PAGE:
Crime Library: Criminal Minds and Methods

Kaushal Niroula and The Gay Grifters

A Missing Man In Palm Springs

Clifford Lambert
Clifford Lambert
In late 2008, Clifford Lambert, a 74-year-old Palm Springs socialite and former Los Angeles art dealer, was at a low point. His partner of ten years, Travis Lambert—né Hobbs, had moved out in April 2006 after the drawn-out and dramatic dissolution of their relationship. Neighbors had called the police on the feuding couple at 317 Camino Norte on numerous occasions, and the younger Lambert had sought a restraining order against his former partner.

And then Travis Lambert drowned in 2007 at the age of 35.

Clifford Lambert was lonely. Danny Garcia started seeing him.

On December 7, 2008, a friend reported Clifford Lambert missing. They hadn't seen each other since November 30. Lambert had left the man a message on December 4 asking him to return his call. The friend tried multiple times to reach Lambert, but he never answered.

Lambert's attorney, worried about the old man's unexplained absence, asked neighbors to keep an eye on things. On January 7, one of them, Cliff Lemmerick, called the police to report a robbery. He reported that 5 or 6 "Mexican" men with a U-Haul rental truck were in front of Lambert's house and that one of them was trying to break open a gate.

At the gate, police found Miguel Adolfo DeLeon Bustamante, 26, a bartender at the Castro District's Jet Bar. He subsequently told investigators that Kaushal Niroula, David Replogle, Russell Manning and Daniel Garcia had hired him to clear out the house for $30,000. Lemmerick later told reporters that police found Lambert's ID, credit cards and keys with Niroula and Garcia.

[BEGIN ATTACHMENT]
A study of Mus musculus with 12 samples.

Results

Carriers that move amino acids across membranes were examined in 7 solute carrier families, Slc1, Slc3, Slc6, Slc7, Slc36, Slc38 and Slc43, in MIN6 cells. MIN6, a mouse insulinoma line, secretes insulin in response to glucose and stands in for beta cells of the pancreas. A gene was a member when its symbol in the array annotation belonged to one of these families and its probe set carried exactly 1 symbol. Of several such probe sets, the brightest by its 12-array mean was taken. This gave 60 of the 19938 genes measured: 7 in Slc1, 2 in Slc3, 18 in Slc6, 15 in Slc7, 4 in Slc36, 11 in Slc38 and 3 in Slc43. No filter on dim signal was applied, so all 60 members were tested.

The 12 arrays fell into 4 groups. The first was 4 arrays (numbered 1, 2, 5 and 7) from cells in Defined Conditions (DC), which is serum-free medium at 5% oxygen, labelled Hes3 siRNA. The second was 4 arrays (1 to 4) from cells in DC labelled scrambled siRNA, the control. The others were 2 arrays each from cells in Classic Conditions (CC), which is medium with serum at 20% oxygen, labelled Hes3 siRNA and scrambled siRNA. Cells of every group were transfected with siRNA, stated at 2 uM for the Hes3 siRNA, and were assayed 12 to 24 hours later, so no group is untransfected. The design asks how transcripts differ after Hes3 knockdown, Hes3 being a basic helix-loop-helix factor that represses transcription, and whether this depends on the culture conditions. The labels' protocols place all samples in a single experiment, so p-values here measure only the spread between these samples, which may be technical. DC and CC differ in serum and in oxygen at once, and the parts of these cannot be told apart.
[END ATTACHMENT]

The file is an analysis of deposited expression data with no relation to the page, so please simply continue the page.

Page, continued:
Bustamante used to hang out with Niroula at the house that real estate agent Mark Evans shared with his wife. Niroula had told Evans that Bustamante was part of a Colombian drug cartel that wanted to buy land in the U.S. Evans also says Garcia had once tried to warn him about Niroula, calling him a ripoff artist. When Niroula tried to get Evans to help sell Lambert's house, Evans grew suspicious and contacted the police himself.

Replogle had allegedly made fraudulent arrangements granting Niroula power of attorney over Lambert's estate. But the gang made a mistake: They realized that Replogle's thumbprint, which a notary public had taken to confirm the documents, would give them away. So the gang decided to get the documents back from the mobile notary company they'd used. The company received a call from the San Francisco address where they'd originally notarized the papers, but no one kept the appointment there—and someone tried to knock the notary public down and steal the documents from his backpack as he returned to his car.

Evans looked up an old deed, and found that the signature didn't match that on the power of attorney. He googled Lambert and discovered that he'd been reported missing. Evans called the police, and this led Palm Springs Police detective Frank Browning to the truth.

In January 2009, the grifters tried to sell the home, valued at $1.3 million, for a mere $298,000 to Jay C. Shah. The house had already been looted of many of its valuables, included some notable artwork, but a court was able to halt the sale of the home and its remaining contents. Browning and his team closed in. Police got arrest warrants for all of them.

The case hasn't come to trial yet, but early hearings have revealed a succession of alleged plots.